How to become a Psychotherapist

Psychotherapists provide diagnosis and treatment of mental and emotional disorders using psychotherapeutic methods such as behavioural therapy, biofeedback, relaxation therapy and other techniques. They work with individuals, couples, families and groups to help them overcome a range of psychological and emotional issues.

Personal requirements for a Psychotherapist

  • Excellent communication and listening skills
  • Patient in dealing with all types of people
  • Empathy and cultural awareness
  • An inquisitive mind
  • Discretion and respect for confidentiality and privacy
  • Good problem-solving skills.

Duties & Tasks of a Psychotherapist

Psychotherapists may perform the following tasks:

  • Address the client's thought processes, feelings and behaviour
  • Understand inner conflicts
  • Find new ways to deal with, and alleviate, distress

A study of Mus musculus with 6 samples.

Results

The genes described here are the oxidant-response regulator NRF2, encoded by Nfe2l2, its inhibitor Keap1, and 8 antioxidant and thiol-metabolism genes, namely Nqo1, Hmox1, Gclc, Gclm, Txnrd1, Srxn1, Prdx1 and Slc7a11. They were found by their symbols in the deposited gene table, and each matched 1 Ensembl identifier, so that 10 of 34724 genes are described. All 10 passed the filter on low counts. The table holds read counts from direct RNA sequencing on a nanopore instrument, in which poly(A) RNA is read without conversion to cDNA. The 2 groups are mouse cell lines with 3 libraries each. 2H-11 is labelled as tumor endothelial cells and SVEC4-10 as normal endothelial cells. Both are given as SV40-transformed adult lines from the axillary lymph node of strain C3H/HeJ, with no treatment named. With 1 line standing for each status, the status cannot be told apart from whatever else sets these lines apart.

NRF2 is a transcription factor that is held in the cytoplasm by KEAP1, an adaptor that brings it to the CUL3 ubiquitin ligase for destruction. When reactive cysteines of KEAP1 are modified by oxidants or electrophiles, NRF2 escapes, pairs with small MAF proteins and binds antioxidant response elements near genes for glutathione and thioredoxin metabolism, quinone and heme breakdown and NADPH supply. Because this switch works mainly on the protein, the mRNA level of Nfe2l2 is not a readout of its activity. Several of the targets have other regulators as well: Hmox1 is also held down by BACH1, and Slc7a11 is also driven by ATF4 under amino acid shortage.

• Evaluate therapy outcomes and write reports
  • Keep up to date with developments in theory and research.

Working conditions for a Psychotherapist

They usually work regular hours and indoors in comfortable conditions. However, overly-anxious or uncooperative clients can make the work stressful at times.


With experience, and sometimes further training, psychotherapists may specialise in specific fields of psychotherapy. They may take a number of approaches according to the theoretical models they adopt and the therapy they practice.

Art Psychotherapist

An art psychotherapist uses creative, arts-based processes as part of their therapeutic work with clients, to facilitate self-expression, communication, self-awareness and personal development. Therapy with young children often focuses on communication through undirected play with art materials and toys.


A therapist provides basic treatment for a range of issues and assist clients to reflect on issues to help them make positive changes.